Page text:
September 28, 2016
By Jacquie De Almeida
The first time Jason Quick laid eyes on the Esperanza diamond, he was awestruck by the way light moved through the rough crystal. It was love at first sight, as he puts it, a once-in-a-lifetime encounter with the 8.52-carat diamond unearthed at Arkansas’ Crater of Diamonds State Park.
Quick, who serves as director of AGS Laboratories (AGSL), has seen many diamonds over the years, but few have left the same impression as Esperanza, he says. “The rough had curves and you could see how light moved through it. The crystal bent light around the surface of the diamond. It was absolutely mesmerizing.”
Esperanza is one of millions of diamonds that have passed through AGS Laboratories’ doors in the 20 years since its founding. Its journey from rough to polished is also one of the rare occasions when everyone involved is a member of American Gem Society (AGS). That includes Canada’s own Embee Diamonds, which cut the stone into a 4.60-carat triolette, which AGSL graded D-colour, IF. It was a feel-good story amid challenging times for the diamond industry, and came with its own in-store diamond-cutting event that was broadcast online.
“I think this story contributed to the excitement of what makes diamonds so special,” Quick adds.
The meticulous attention given to polishing each of Esperanza’s 147 facets evokes the exacting standards at the heart of AGSL’s founding. It was the early 1930s when Robert M. Shipley set out to help educate American jewellers in the tradition of organizations like Gemmological Association of Great Britain (Gem-A), where he had studied after realizing his own knowledge of diamonds and coloured gems was lacking. In 1931, he established Gemological Institute of America (GIA) in a small Los Angeles office and three years later, he founded AGS, a non-profit organization whose goal was to create high ethical standards in the jewellery industry to help ensure consumer confidence.
In the years that followed, AGS focused in part on research, culminating in the launch of the AGS Diamond Grading Standards Manual in 1966. It was the first published manual comprising a grading system for the 4 Cs, including cut. Thirty years later, AGS established its own laboratory with a mission of consumer protection, as well as research and development. In 2005, AGSL introduced its light-performance cut grade, which Quick was instrumental in helping develop.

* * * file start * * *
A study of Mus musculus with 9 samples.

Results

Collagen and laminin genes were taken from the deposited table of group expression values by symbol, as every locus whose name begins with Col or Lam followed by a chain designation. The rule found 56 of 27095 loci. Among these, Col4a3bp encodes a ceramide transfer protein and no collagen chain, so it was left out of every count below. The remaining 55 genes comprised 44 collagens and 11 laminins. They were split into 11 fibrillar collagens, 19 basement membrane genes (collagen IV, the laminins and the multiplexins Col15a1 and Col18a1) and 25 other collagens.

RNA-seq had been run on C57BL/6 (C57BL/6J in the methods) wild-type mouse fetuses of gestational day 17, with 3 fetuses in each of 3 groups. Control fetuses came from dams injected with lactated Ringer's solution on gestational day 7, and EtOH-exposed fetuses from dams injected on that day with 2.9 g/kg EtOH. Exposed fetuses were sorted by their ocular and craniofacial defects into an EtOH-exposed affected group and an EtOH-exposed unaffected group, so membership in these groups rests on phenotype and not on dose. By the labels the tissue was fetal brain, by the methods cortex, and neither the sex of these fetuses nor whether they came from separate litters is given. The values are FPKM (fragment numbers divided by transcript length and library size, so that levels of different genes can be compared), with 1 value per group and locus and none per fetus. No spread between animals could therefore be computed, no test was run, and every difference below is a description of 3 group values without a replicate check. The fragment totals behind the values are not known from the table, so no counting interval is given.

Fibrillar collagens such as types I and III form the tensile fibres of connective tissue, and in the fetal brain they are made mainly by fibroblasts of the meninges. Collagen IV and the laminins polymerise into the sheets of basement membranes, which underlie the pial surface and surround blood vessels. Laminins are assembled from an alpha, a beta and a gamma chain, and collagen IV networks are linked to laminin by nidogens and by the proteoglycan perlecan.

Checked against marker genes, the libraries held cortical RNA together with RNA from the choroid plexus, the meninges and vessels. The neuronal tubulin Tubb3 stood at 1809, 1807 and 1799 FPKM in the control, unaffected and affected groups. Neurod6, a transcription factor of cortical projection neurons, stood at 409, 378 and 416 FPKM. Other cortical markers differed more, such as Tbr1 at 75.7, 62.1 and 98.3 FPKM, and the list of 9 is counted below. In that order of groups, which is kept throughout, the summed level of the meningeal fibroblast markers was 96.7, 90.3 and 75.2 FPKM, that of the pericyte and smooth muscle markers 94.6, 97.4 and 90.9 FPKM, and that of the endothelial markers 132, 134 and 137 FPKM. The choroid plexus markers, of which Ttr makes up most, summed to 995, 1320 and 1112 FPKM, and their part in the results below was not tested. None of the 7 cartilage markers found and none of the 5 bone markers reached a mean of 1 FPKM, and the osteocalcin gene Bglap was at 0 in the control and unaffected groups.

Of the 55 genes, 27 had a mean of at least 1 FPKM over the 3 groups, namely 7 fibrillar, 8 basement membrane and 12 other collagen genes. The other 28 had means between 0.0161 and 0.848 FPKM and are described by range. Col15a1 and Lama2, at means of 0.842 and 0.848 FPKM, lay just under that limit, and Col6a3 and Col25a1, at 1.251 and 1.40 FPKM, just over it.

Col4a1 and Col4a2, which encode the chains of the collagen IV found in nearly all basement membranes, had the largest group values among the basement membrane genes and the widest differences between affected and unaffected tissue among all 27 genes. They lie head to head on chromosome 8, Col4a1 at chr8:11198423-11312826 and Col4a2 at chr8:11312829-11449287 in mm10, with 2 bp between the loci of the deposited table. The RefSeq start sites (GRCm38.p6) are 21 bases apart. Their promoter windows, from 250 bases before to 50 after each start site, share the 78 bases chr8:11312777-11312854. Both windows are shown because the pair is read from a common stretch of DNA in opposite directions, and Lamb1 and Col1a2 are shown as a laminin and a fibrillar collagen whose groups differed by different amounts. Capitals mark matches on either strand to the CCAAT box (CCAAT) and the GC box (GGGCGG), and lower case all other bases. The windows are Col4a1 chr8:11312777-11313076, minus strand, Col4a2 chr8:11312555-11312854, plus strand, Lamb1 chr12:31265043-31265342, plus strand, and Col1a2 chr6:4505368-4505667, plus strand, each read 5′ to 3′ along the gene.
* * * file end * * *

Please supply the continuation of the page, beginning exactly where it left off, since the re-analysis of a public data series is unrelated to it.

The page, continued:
Since then, the world of diamond grading has changed significantly, particularly in the rise of lab-grown stones entering the market. Few take issue with their ability to present consumers with an alternative choice when disclosed. It’s when they are undisclosed that an alarm is sounded. The issue spurred AGSL to introduce its Natural Diamond Verification Service earlier this year. Every loose diamond .18 carats and bigger that comes to the lab for grading is put through full testing to ensure it is of natural origin. In addition, the stone is tested to determine whether it was high-pressure/high temperature-treated (HPHT-treated) to improve its colour. Quick says the danger of undisclosed lab-growns is a particular concern among retailers who buy back diamonds from consumers.
“Recycled diamonds is a big part of the inventory that is out there, and retailers don’t have the equipment or the expertise to do full testing for all the stones they may be buying from these non-standard channels,” he explains.
Grading practices have also come under scrutiny in recent years. The very subjective nature of grading diamonds—particularly when it comes to colour—is the reason why some labs, including AGSL, require more than one grader examine a stone. At AGSL, a minimum of two people grade a single diamond. If there is disagreement between them, the stone is referred to other graders. To help ensure greater accuracy, AGSL graders go through rigorous training processes where their conclusions are compared to that of the lab’s most senior and experienced diamond graders.
Quick says the grading controversy has created broader awareness among the trade and the public, helping to highlight the transparency that is critical to ensuring consumer confidence.
“From the point of view of the industry, having these discussions is a good thing,” he explains. “Consumers get to learn more about what a grading report is and what the grading standards are. It helps create more consumer awareness to use a diamond grading lab they can trust to provide a third-party unbiased opinion of a diamond.”
The challenge for retailers these days, Quick says, is to differentiate themselves from their competitor and move diamonds out of the perception they can be sold as a commodity. As a former graduate school student with an eye on becoming a math professor, Quick’s take on diamonds is surprisingly less about proportions and angles and more about appreciating them for their artistry.
“To me, it makes a lot of sense to buy diamonds for what they are and to have their cut and beauty be part of that,” he explains. “Diamonds fall in the space of art—they are sculptures that are cut to be beautiful.”